How to extend operations from numbers to larger "objects" in cryptographic implementations?

in flag

I know I'm not supposed to roll my own crypto, but everyone starts somewhere! I'm implementing the PSI-CA protocol defined in Fast and Private Computation of Cardinality of Set Intersection and Union (Figure 1, Page 5), and I have it (more-or-less) working. My biggest issue is that I only have it working for int64_t types, and nothing else. Ultimately I'd like to compare strings or even arbitrary objects. So I figure I'll have to have an object expose functionality to serialize/hash itself, but then what? How do I extend this algorithm to multi-byte computations?

For example, if I want to use SHA-512 hashes instead of integers, during certain operations, say $\forall i 1\leq i \leq v : a^{\prime}_i = (a_i)^{R^{\prime}_s}$, how do I translate this from operating over integers (trivial) to bytefields? Do I simply perform this same operation for every byte in the field?

SEJPM avatar
us flag
Is anything stopping you from interpreting and using the serialized / hashed version of an object as an integer? (Which of course requires that serialization / hashing preserves equality)
in flag
I think then it wouldn't be resistant to collisions, right? Like SHA-512 has a large range. The paper says I need two hash functions (modeled as ROM in the paper), so I'm not really sure what hash functions would satisfy these requirements to keep the information cryptographically secure.
ng flag

It is not clear to me (without seeing your code) what your current issue is. Glancing through the paper, I see (for example in fig. 1):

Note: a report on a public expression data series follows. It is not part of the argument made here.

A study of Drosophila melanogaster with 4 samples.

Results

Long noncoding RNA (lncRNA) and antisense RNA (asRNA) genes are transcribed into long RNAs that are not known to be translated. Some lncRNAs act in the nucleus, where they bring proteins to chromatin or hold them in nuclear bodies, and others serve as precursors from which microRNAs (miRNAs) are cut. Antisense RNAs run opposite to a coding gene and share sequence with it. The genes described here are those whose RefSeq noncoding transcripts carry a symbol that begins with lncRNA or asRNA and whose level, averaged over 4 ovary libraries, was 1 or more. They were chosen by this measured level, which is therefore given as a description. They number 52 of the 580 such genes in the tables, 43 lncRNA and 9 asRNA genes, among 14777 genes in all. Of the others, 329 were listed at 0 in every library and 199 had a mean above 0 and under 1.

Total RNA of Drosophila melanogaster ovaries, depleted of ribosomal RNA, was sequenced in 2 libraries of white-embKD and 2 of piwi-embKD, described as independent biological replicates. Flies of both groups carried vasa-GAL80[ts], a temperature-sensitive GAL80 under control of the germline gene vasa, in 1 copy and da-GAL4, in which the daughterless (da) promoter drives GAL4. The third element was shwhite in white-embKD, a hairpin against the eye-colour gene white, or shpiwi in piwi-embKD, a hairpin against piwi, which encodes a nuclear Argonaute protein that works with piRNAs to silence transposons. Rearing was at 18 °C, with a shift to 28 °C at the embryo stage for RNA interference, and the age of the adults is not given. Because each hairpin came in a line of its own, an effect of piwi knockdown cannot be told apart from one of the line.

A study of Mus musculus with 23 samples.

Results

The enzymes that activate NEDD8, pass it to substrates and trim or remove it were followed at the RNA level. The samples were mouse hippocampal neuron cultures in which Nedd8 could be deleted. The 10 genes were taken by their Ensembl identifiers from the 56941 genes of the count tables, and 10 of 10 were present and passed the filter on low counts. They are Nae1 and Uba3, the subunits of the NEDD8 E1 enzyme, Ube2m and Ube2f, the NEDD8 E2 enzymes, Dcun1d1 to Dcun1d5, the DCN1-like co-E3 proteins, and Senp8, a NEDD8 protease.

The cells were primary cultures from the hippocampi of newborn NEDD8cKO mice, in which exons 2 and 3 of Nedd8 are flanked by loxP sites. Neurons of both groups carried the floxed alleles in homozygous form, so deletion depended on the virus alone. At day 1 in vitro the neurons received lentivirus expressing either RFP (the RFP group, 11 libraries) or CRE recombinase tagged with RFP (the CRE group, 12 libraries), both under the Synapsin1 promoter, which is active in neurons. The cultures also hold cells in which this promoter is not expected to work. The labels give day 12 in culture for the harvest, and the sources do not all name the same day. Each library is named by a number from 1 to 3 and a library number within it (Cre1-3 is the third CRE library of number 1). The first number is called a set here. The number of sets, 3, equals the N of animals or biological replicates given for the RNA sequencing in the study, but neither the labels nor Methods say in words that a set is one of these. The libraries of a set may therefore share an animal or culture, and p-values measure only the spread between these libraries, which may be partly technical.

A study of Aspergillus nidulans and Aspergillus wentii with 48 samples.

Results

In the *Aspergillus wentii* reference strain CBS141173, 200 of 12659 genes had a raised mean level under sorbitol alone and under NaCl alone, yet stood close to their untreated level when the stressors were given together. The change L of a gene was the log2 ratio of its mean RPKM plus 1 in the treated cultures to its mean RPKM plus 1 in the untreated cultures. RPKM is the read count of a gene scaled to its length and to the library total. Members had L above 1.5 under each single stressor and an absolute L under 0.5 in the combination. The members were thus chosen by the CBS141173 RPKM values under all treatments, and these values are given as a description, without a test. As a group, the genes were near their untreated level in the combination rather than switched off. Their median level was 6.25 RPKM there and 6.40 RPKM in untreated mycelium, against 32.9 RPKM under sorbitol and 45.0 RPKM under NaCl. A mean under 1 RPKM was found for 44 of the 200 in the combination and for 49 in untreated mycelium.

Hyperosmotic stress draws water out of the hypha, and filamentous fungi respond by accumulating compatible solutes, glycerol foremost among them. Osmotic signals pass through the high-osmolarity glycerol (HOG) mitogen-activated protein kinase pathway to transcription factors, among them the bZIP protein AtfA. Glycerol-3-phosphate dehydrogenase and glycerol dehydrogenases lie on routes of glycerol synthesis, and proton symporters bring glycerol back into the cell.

1. (arbitrary objects) $c_1,\dots, c_v$ and $s_1,\dots, s_v$

  2. hashes of these objects, which are written $hc_i = H(c_i)$ and $hs_i = H(s_i)$ (up to a permutation applied to the $s_i$).

All of the remaining operations are in terms of the $hc_i$ and $hs_i$, which appear to be (from context) in $\mathbb{Z}_p^*$, i.e. the arithmetic is standard (although it is likely that you have to choose $p$ large enough such that the discrete logarithm problem is hard, so of $\gg 1000$ bits. In particular you likely should be using bigints rather than u64's. I haven't read closely enough that I know that they're assuming hardness of a DL-type assumption in $\mathbb{Z}_p^*$ though).

Scanning through the other figures, I see a similar story, namely that all arithmetic is done on hashed elements of $\mathbb{Z}_p^*$, rather than arbitrary bytestrings in $\{0,1\}^*$. I don't see your particular example:


as being an issue. For example, this seems to occur in figure 4, where prior to it I see $a_i = (hs_i)^{R_s'}$. In this figure I don't see the definition $hs_i = H(s_i)$, and I am only skimming, but it is plausible that this interpretation is being assumed, i.e. $hs_i$ is the hash of an arbitrary bytestring $s_i$, and is contained in $\mathbb{Z}_p^*$ (rather than $\{0,1\}^*$).

The general answer to

Do I simply perform this same operation for every byte in the field?

is going to be "no" (unless something specifically says to do this). Typically cryptographic protocols work on well-defined mathematical objects (say bit strings in $\{0,1\}^*$), and "chopping these up" to try to force things to work (when this is not specified as part of the protocol) can easily lead to security issues.